Revival begins in the church… but so does judgment! (Part 2)

This is a follow-up to the introductory article in this series.

The original article that introduces the series is at this link:  Revival begins in the  church… but so does judgment!

We have now had the second meeting to set the agenda for the prayer initiative, with a more encouraging outcome.  This meeting revolved around a change in focus – this time we discussed the need for repentance within the church (USA specifically).  This appears to be progress in the right direction.  If the church is not seen by secular society as holy, righteous and good, how can we assert the moral high ground in condemning the “wickedness” around us?  Our assignment this week was to think about areas where the church need to hold itself accountable (for past and current abuses) by confession and repentance.

These were the thoughts that came to my mind (adding to the other posts in this series) as areas of needed repentance within the community of faith:

Lack of internal governance, arrogance and pride, willful ignorance, un-Christ-like actions and attitudes, fraudulent actions and self-interested agenda.

  • Church leaders should publicly confess that they have routinely held themselves to a lesser standard than members of their flock and even the “worldly” leaders they denounce.  Religious leaders should and will be held to at least the same standard of accountability that is becoming the norm in business and government.  (Not that these groups have it all together either, but most have recognized the need for high-level accountability and are implementing policies to address the need.)  Church governance should include: transparency, accountability, and the same limits on positional authority that are expected in business and government.
  • Church leaders and members need to confess to arrogance and self-righteous spiritual pride in relating to the world outside their own doors – as well as those within their sacred walls.  No human can claim to comprehend the vastness and complexity of the universe we observe, much less the One who made it.  It is a sign of childish ignorance and arrogant hubris to claim that any group of believers has fully discovered all possible truth, let alone have an absolute monopoly on all truth.
  • Church leaders and church members need to stop running from discussing or even trying to understanding the emerging advances in science, and the reality of changes in modern cultures. Refusing to even enter the dialogue only reinforces the perception that Christians are defensive and reactionary in addressing current events and larger social issues.  From the standpoint of secular society, this appears to be a defense mechanism of denial or avoidance, which implies a lack of confidence in one’s position.  If we truly certain in our positions and beliefs, then we should be able to engage the rest of society with both confidence and humility, not counter attacks and strident posturing.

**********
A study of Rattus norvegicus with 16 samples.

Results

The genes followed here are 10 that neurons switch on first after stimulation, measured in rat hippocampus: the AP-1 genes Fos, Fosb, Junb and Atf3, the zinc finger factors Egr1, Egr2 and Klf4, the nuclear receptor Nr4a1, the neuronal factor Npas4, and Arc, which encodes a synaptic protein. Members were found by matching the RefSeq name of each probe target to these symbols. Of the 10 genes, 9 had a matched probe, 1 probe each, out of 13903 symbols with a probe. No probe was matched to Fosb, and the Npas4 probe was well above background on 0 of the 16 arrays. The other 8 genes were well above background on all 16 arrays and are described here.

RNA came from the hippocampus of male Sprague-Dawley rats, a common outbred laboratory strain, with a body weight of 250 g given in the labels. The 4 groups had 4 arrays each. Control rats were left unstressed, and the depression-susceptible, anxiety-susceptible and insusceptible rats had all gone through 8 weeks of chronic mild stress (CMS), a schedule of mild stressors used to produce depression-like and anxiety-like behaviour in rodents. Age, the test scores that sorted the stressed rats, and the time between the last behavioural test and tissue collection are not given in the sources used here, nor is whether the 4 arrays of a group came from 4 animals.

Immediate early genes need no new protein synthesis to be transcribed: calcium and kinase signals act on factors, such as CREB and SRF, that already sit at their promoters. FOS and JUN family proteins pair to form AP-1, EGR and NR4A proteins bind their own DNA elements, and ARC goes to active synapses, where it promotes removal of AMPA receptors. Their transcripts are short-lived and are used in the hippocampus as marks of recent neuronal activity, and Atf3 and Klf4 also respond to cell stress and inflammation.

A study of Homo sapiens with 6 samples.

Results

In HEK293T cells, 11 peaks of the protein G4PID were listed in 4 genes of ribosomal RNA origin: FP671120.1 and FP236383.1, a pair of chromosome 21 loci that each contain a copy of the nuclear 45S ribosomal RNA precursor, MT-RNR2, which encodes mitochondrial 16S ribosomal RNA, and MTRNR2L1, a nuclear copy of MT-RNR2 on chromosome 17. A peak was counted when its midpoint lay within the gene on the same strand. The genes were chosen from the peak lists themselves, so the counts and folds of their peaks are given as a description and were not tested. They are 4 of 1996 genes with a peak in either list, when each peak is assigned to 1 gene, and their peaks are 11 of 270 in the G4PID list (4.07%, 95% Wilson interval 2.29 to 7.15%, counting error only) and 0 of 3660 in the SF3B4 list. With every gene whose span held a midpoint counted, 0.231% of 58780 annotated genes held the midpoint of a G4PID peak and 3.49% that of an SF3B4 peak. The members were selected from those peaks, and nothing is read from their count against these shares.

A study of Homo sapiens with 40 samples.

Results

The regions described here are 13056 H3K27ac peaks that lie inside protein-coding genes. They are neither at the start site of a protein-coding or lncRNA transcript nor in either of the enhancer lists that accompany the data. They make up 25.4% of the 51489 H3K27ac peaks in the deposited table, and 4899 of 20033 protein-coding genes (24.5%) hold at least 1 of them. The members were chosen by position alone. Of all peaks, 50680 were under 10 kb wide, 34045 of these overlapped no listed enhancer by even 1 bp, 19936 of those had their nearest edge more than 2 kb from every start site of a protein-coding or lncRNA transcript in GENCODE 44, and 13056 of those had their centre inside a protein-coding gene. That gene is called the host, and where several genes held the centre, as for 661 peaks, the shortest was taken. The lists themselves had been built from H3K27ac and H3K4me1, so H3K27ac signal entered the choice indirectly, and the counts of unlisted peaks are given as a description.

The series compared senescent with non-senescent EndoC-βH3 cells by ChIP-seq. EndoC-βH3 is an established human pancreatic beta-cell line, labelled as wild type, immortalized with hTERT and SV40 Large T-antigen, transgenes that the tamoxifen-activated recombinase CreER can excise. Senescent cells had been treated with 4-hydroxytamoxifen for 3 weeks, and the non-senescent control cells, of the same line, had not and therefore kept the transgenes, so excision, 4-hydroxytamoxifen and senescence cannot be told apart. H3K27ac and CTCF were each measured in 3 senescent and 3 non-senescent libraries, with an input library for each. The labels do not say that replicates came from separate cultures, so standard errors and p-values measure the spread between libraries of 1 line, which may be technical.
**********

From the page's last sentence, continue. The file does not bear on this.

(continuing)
• Church leaders need to confess on behalf of the universal Church that we have not been an adequate example of Christ-like behavior.  All churches that are willing to participate in the corporate body of Christ should begin to take His own words seriously.  It is easy enough to condemn abortion providers and those who seek to terminate pregnancy as long as this is not personally relevant to us in our current situation.  But to take a stand against allowing abortion, but then deny support for unwed mothers  who have no means of supporting themselves or a child, is both logically and morally absurd. Throughout the Bible, God commands that the widows and orphans should be cared for by those who are able to do so. Likewise, to leave the homeless to fend for themselves in dangerous conditions, or even remove them from all public spaces, is a direct violation of the command to care for the poor, destitute, and oppressed.  Oddly enough, the more conservative and fundamentalist groups often criticize their more liberal fellow believers who are doing this work already.  Could that be the shrill voice of condemnation coming from the guilty and those who have become hardened in heart toward their fellow-man?
  • Church leaders and public advocates should confess to fraudulent representation of their motivation when issuing a call to their loyal followers to support a cause.  Conservative Christian leaders should fully disclose their vested interest in supporting the views of political conservatives.  Any potential conflict of interest must be stated when speaking out on social justice, government fiscal restraint, global climate change, war against Muslim countries, and numerous business-friendly initiatives that benefit their benefactors. Advocacy of any politically motivated cause should be identified as such when coming from the pulpit, lectern, or blog.

 Other issues may be added as they come to mind…

Yet these same issues can be found throughout the history of Christianity and many other religions, so none of this is really news.  But we still owe it to our Lord and Savior to take his commands seriously and institutionalize their practice.

Once again, I have to admit that this post is as much a personal confession as an indictment of anyone else.  This list is now the log in my eye, so I know that I must take these matters to heart and become an example myself.  May God help me to do so.



About Hoosedwhut

Engineer - by education, training, and career experience. Philosopher - by inclination and choice. Amateur psychologist - by instinct and necessity. Amateur theologian - by birth into two distinct worlds...
This entry was posted in God, Religion, Spirituality, Politics and Social Issues. Bookmark the permalink.